The real-life Dracula was VEGAN: Experts claim Vlad the Impaler – the inspiration for the fictional vampire – followed a plant-based diet
- Count Dracula is believed to be based on Romanian prince Vlad the Impaler
- Analysis of his letters suggests Vlad may have only eaten plant-based meals
Nothing screams ‘bloodthirsty vampire’ quite like the name Dracula.
But the man who inspired the world’s most insatiable Count may actually have been a vegan, according to expert analysis.
It is widely believed that Bram Stoker’s fictional character was inspired by a formidable 15th century Romanian governor named Vlad the Impaler.
The medieval prince had a taste for impaling enemies on wooden stakes and was the three-time ruler of Wallachian between 1448 and his death around 1477.
Now, 500 years on, scientific analysis of some of his handwritten letters suggests Vlad may have only eaten plant-based meals.
Nothing screams ‘bloodthirsty vampire’ quite like the name Dracula. But the man who inspired the world’s most insatiable Count may actually have been a vegan, according to expert analysis
From Christopher Lee (pictured) to Nicolas Cage, several actors have taken on the role of Count Dracula through the years
READ MORE: How the world’s historic heroes would look TODAY from Leonardo Da Vinci to Vlad the Impaler
Vlad III was the three-time ruler of Wallachian and is said to have been the inspiration for author Bram Stoker’s 1897 gothic novel ‘Dracula’
Vlad, also known as Vlad Dracula, was the three-time ruler of Wallachian between 1448 and his death around 1477.
He was later the inspiration for Irish author Bram Stoker’s famous vampire count in his 1897 novel Dracula.
Now, more than 500 years after his death, scientists have taken ‘historical biomolecules’ from missives written by the infamous warlord.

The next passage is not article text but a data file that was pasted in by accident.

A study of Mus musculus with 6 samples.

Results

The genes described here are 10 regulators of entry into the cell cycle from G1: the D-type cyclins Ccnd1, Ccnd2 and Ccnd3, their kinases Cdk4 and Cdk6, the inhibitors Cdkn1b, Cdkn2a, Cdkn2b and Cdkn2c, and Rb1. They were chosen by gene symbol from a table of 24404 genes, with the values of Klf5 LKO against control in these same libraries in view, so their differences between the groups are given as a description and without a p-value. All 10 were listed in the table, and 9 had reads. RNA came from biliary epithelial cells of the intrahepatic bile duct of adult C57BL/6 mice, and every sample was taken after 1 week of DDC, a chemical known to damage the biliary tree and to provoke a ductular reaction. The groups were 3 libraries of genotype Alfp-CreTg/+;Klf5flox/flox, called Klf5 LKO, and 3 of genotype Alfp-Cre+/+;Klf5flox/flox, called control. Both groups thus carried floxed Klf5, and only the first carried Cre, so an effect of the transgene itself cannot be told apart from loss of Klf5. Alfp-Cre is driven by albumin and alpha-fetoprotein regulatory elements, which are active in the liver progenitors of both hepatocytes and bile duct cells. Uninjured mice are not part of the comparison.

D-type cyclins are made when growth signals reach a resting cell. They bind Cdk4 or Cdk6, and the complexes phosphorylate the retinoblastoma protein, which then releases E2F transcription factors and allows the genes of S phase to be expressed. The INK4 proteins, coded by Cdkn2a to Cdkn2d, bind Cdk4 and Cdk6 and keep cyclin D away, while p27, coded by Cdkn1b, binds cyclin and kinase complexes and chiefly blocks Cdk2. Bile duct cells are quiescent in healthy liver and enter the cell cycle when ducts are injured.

The team extracted blood, sweat, fingerprints and saliva from a letter in May this year, exactly 125 years since Stoker’s Dracula was published.
The letter is dated August 4, 1475, and was written to the burghers of Sibiu by a man who describes himself in the text as the ‘prince of the Transalpine regions’.
He informed the residents of the town that he would soon be living in their village.
At the bottom, he signed his feared name: Vlad Dracula.
Experts from the University of Catania extracted blood, sweat and saliva from the letters.
They discovered there was an absence of animal food proteins – an unusual finding.
‘Food proteins [in the letters] are found only in plant foods,’ co-author Gleb Zilberstein told The Times.
Now, 500 years on, scientific analysis of some of his handwritten letters suggests Vlad may have only eaten plant-based meals
‘The prototype vampire may have been a vegan.’
He said the decision to be plant-based may have been one of need, rather than desire.
‘In the 15th century, Europe had a very cold climate…and there was very little food,’ he said.
‘According to bioarchaeologists, aristocrats throughout Europe had a very meagre diet and meat was often not eaten.’
The team also discovered that the letters contained clues that suggest the feared ruler suffered from haemolacria, a condition which causes suffferers to cry tears of blood.
Professor Vincenzo Cunsolo, who led the study, said: ‘He probably suffered, at least in the last years of his life, from a pathological condition called hemolacria, that is, he could shed tears admixed with blood.’
The findings were published in the journal Analytical Chemistry.